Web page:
Payton Hobart (Ben Platt) wants to be president of the United States. He always has. And when we meet him, he's a high school student who has studied past presidents (only back to Reagan, whom he considers the inventor of the modern presidency) to find patterns in their paths that he can follow. First up: become student body president at his high school and get into Harvard.
This is the set-up for The Politician, a new eight-part series on Netflix from Ryan Murphy and his creative partners Ian Brennan and Brad Falchuk, with whom he has made (in various combinations) everything from Glee to American Horror Story to Pose. In addition to Platt, who won a Tony for Dear Evan Hansen on Broadway, the show stars Gwyneth Paltrow, Bob Balaban and Murphy's forever muse, Jessica Lange.
It would be both unfair and unwieldy to explain where all these people even fit into the narrative, except to say that Paltrow plays Payton's doting mother, who protects him from his bullying brothers (who hold it over his head that he is adopted and they are not) and tries to encourage what she sees as a soft-hearted vulnerability that's easily exploited by the world.
At the same time, Payton is at school undertaking a merciless campaign for president. His team includes his friends McAfee (Laura Dreyfuss, who incidentally played opposite Platt in Dear Evan Hansen) and James (Theo Germaine) and his girlfriend Alice (Julia Schlaepfer), all of whom seem to approach his campaign with the same dead-seriousness that he does. The show takes it that seriously, too, shooting scenes like they're part of House of Cards, with people speaking in hushed, urgent tones about polling and the dangers of not getting the right endorsements. (Yes, endorsements.)
The best thing The Politician has going for it is style. It looks great, even if it often looks pretty specifically inspired by Wes Anderson's sunny dioramas and spacious, centered compositions. It's colorful and visually cohesive, full of rich golds and deep burgundies, and it has a carefully honed sense of the rich and preppy universe Payton inhabits. The actors are buried in Murphy's usual excess, from Paltrow as a wealthy woman perched in her garden painting Syrian war orphans to Lange as a slithery operator who uses the ailments of her granddaughter (Zoey Deutch) to garner sympathy and advantage. (It must be said that as great as Lange is, there may be some diminishing returns in Murphy's use of her as a swanning, hissing diva. This does begin to feel like Jessica Lange playing a character called Jessica Lange In A Ryan Murphy Show. There is not always a literal caftan, but there is so often the sense of a caftan.)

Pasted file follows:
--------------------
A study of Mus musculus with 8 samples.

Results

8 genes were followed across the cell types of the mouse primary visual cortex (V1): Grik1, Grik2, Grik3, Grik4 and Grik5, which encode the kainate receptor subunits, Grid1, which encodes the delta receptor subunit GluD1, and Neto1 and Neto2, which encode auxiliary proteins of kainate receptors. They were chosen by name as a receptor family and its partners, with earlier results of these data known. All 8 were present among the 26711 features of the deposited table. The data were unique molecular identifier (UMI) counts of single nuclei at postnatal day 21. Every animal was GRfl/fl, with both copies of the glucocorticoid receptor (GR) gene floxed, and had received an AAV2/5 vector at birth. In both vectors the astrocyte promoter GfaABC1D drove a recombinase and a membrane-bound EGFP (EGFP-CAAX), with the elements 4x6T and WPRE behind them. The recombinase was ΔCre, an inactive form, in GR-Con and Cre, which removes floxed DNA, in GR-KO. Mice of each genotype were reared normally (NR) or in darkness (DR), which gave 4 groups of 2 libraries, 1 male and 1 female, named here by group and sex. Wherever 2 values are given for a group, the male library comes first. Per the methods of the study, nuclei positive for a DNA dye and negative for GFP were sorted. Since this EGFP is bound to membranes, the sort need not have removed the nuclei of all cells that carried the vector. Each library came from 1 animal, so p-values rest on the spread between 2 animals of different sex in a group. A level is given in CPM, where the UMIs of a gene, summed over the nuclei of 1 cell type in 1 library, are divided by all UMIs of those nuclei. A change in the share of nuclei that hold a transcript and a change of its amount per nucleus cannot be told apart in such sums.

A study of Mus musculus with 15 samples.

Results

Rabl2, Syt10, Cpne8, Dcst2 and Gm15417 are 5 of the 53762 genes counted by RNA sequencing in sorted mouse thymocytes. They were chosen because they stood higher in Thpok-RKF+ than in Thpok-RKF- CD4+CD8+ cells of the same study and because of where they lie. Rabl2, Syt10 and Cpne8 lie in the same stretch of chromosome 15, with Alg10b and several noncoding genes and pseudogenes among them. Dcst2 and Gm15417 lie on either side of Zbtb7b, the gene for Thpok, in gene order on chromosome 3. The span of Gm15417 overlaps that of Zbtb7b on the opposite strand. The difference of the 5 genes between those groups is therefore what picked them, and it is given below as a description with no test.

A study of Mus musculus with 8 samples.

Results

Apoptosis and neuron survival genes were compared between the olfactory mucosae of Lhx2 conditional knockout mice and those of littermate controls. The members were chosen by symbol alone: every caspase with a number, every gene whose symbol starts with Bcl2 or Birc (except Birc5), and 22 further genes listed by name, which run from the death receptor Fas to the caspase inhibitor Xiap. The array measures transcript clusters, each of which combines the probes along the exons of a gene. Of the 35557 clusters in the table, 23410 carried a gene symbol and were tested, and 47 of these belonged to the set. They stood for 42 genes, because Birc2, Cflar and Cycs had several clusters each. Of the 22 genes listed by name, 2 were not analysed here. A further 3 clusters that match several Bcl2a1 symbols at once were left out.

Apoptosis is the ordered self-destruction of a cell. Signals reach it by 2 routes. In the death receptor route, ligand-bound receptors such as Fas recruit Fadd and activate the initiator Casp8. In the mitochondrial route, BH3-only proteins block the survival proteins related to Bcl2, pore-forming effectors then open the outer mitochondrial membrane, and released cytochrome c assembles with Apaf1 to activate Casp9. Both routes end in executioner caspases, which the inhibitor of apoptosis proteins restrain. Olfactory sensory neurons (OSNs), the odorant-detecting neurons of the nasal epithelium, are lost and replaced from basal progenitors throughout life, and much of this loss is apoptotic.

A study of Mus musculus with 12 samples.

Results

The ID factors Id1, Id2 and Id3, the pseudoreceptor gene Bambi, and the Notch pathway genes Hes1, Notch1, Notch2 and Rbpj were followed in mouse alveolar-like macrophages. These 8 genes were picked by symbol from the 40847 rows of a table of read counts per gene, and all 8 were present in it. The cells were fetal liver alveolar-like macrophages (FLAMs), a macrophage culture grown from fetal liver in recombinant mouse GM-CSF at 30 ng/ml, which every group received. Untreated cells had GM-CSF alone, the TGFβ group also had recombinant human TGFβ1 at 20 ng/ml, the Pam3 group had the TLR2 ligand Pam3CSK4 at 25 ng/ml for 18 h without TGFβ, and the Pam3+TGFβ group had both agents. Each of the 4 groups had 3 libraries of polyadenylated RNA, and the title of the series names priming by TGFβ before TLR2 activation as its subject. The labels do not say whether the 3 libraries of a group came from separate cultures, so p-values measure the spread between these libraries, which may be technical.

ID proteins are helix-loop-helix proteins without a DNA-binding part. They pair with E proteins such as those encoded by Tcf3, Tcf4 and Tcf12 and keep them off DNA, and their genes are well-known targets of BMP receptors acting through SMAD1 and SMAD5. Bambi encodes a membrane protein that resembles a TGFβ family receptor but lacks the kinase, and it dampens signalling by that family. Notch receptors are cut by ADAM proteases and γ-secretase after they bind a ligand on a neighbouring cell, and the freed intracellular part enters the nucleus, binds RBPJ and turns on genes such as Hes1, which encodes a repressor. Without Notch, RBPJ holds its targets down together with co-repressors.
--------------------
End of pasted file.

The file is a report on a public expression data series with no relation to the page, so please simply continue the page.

The weakness of the show is the difficulty in attaching to anyone in it. Platt is using some of the same nervous, awkward energy that he has used before, going back to Pitch Perfect, well before his Tony. His performance here is singular, and it's effective. But it's effective in a way that makes the character off-putting — that distances us from him. He's created an indelible kid here, but not necessarily one who's easy to watch for episode after episode. Do you goggle at Payton's antics from time to time? Yes. Can Platt be transfixing as a young man somehow burdened with both massive anxiety and absurd overconfidence? Yes. Will you care whether Payton wins the election? That's a harder question. While obviously it's satire (and, as such, treads in the footsteps of Election), the producers are also going for a genuine sense of sympathy for this kid and some of the things he's struggling with (which become clear as the story unfolds). That's a very hard line to walk, and the first seven episodes don't quite manage it. Murphy's reach exceeds his grasp, and a story meant to be both moving and darkly funny doesn't quite succeed as either one.
Any review of The Politician, though, is complicated by its structure. While it has been released as eight episodes, what you really get is a seven-episode season followed by what feels like the first episode of what would be the second season. There's such a strong, firm break between the first seven installments and the last one that it's hard to treat them as one unit — particularly because the final episode that moves the story forward into a new chapter seems more interesting and appealing than the previous ones. (There are some actors who have been included in the promotion of The Politician whom you haven't seen mentioned in this review; that's because they only appear in that last episode; they are part of the story to come.)
This isn't a particularly great set of episodes, but it shows a lot of flair, and it may make you eager to see the next season, which seems almost guaranteed, given Netflix's huge deal with Murphy. The stylish production makes it worth a watch; the next story may give a little more to hang on to.